In the book of Isaiah, we read of the Lord reproving negligent spiritual leaders in Israel. They indulge themselves while the nation is serving idols rather than the living God. The Lord says they are like happy drunkards who think tomorrow will be like this day, great beyond measure. However, when disaster inevitably comes and they cry out, the Lord says let their collection of idols deliver them.

Psalm 46 is a sober reminder that one day tomorrow will not be as today is. We live in a fallen world that is like it is because of the sin of men. The Bible is a book that tells us that until we become convinced of this fact, we cannot gain wisdom for life that is truly life. Men know the world is full of tragedy, pain, sorrow, and death, but they don’t normally connect that reality to sin.

Psalm 46 tells us that the instability of the world we live in points to a cataclysmic end. We read in verses two and three: “Therefore we will not fear though the earth gives way, though the mountains be moved into the heart of the sea, though its waters roar and foam, though the mountains tremble at its swelling.”

This language is reminiscent of the flood in Noah’s day. It is the end of the world description. We think of the ground beneath our feet as stable, but here it gives way. There is nothing that can be done about it. People complain about the corruption in governments and the injustice of the past and present. They know men are sinful because they are affected by it, but they don’t believe in God’s judgment.

Nevertheless, the Bible makes clear there is a day coming when the world will end because of God’s judgment. Peter, in his second epistle, points to the dissolution of the present heavens and earth: “The day of the Lord will come like a thief, and then the heavens will pass away with a roar, and the heavenly bodies will be burned up and dissolved, and the earth and the works that are done on it will be exposed.”

All of this is because of man’s sin. In verse 6 of Psalm 46 we read: “The nations rage, the kingdoms totter; he utters his voice and the earth melts.” This is a reference to the continual wars of men that are ultimately futile because their kingdoms do not last. The psalmist doesn’t deal here with a legitimate use of defense against oppression; his concern is to show the inherent war-like disposition of sinful men and the judgment it leads to from the Lord.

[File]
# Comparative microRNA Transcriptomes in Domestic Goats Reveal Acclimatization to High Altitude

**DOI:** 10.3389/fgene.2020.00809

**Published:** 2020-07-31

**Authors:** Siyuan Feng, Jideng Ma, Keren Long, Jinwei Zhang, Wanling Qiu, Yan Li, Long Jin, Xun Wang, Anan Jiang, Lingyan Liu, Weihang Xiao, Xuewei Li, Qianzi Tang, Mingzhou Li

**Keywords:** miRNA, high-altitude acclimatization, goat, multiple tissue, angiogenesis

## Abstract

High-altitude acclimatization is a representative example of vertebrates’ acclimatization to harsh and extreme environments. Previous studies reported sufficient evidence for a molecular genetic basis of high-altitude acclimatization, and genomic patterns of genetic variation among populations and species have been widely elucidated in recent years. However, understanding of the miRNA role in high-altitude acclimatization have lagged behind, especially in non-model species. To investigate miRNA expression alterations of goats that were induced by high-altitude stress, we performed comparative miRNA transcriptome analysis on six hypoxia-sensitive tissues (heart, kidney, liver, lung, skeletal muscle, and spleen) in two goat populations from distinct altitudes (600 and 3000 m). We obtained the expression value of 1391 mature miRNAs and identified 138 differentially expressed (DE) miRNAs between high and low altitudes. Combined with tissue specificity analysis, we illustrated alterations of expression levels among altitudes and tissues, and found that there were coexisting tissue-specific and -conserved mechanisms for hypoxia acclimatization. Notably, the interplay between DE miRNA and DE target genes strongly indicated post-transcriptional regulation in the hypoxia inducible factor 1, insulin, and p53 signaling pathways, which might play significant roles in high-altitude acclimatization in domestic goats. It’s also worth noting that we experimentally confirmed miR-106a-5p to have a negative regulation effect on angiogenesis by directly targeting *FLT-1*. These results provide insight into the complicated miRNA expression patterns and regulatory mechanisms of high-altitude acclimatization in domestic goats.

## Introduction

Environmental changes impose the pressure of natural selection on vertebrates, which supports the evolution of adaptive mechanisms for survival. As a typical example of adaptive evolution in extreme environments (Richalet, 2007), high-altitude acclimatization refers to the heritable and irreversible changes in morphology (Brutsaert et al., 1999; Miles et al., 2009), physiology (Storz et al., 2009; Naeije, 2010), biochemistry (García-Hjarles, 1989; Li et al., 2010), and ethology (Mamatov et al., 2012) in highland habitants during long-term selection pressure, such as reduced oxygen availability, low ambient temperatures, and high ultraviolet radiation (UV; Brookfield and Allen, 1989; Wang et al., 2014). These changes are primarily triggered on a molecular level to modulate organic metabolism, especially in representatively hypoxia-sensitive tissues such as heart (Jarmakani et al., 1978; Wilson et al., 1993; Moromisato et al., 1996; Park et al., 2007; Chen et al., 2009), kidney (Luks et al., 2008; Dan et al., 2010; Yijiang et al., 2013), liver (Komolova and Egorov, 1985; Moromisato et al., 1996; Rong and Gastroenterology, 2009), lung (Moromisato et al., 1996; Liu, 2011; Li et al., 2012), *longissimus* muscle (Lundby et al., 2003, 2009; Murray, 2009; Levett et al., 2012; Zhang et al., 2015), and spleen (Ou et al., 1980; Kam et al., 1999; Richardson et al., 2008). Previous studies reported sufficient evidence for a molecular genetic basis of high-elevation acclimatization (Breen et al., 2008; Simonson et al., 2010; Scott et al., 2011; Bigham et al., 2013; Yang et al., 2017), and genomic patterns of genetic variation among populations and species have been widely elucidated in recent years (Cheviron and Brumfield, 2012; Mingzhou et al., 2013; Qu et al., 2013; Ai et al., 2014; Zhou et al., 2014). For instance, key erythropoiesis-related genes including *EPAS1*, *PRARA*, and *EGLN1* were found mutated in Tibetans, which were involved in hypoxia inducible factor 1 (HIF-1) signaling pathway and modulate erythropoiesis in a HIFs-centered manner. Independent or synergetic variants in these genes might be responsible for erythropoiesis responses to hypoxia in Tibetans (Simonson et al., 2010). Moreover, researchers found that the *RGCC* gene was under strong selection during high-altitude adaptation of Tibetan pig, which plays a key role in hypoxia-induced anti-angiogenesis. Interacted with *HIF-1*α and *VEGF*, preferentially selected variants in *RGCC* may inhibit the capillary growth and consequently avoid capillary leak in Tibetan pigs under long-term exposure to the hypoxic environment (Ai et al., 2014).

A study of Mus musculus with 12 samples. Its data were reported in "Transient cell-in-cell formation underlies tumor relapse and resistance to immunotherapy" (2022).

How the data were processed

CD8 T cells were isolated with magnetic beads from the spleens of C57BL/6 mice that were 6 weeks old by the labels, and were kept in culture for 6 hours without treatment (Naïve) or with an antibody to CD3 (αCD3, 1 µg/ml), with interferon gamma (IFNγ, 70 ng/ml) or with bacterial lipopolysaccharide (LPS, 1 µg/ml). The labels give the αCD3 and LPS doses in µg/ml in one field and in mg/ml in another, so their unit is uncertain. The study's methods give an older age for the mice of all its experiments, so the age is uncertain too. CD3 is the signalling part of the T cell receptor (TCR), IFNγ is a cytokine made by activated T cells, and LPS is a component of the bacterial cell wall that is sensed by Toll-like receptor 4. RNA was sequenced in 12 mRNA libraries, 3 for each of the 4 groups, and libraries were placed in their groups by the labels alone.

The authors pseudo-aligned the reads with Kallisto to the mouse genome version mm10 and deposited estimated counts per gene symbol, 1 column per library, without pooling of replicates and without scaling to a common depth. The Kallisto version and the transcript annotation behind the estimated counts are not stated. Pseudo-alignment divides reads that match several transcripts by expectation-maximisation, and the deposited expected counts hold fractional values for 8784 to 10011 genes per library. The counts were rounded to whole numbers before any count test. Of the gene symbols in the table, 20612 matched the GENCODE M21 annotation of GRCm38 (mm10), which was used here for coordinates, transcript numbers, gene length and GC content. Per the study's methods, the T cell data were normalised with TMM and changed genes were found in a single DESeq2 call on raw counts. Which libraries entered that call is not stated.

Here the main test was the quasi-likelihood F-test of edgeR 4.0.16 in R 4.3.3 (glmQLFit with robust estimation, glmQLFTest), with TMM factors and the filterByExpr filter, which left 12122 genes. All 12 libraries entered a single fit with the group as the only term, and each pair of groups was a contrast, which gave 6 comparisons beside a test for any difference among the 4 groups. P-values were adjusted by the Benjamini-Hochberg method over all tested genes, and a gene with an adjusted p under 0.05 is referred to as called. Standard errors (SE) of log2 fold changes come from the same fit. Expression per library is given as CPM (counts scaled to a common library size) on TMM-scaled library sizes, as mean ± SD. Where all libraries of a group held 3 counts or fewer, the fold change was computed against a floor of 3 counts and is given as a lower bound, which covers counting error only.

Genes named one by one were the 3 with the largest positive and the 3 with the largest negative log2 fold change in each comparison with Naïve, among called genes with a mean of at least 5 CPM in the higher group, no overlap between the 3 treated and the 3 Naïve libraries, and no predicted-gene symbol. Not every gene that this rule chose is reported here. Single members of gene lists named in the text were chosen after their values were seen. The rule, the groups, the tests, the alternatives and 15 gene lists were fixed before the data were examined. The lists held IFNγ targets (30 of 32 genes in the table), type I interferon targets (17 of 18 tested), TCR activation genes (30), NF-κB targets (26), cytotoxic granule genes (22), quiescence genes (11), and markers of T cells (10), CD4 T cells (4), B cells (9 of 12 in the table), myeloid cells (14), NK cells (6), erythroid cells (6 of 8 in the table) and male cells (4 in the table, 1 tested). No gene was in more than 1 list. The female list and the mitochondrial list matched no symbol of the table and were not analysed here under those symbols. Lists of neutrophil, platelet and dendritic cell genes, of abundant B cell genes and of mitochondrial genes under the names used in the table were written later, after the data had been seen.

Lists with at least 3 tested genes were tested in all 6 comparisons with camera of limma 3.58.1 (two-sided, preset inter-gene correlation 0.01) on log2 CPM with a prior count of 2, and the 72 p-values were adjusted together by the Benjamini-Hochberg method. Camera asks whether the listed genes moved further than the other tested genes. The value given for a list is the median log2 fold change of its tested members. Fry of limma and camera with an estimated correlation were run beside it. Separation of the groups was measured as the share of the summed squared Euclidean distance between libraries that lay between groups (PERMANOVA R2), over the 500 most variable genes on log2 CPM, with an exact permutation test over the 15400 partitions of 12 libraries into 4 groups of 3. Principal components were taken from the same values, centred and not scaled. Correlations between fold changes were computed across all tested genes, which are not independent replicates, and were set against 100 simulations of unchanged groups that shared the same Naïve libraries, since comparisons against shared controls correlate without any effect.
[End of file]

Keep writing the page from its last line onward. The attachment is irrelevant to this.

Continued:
There is an absence of peace on earth between men. Jesus said it would be like this on earth in between his ascension and his return: “Nation will rise against nation, and kingdom against kingdom, and you will hear of wars and rumors of wars (Matthew 24).” In other words, there will always be war or talk of war on the earth until he comes in judgment.

 This world will not always be like it is now. The Lord will “make wars cease to the end of the earth (Psalm 46:9).” He will bring “desolations on the earth (verse 8).”There is a time coming when tomorrow will not be like today. This is the reality of the world, and the reality of our own individual lives.

Jesus always pointed people to the excellence of spiritual things, and the wisdom of seeking first the Kingdom of God, because the only sure refuge was in the things of God, not the world. Noah was tossed around but secure in the ark. No one outside survived.

Jesus once told of a tower falling on and killing 18 people. He did not explain why those people died and others did not. He said the point to understand was they were not more sinful that other people and all people are headed to the same end eventually. Therefore, the need to turn to the Lord away from the world and sin was an urgent need.

Psalm 46 not only points to the coming judgment of the Lord, it also speaks of the sure and happy refuge there is in the Lord: “There is a river that whose streams make glad the city of God…God is in the midst of her; she shall not be moved (verses 4-5).” This is why Peter, who wrote of the end of the world, also urged people to “make your calling and election sure.” Tomorrow is coming.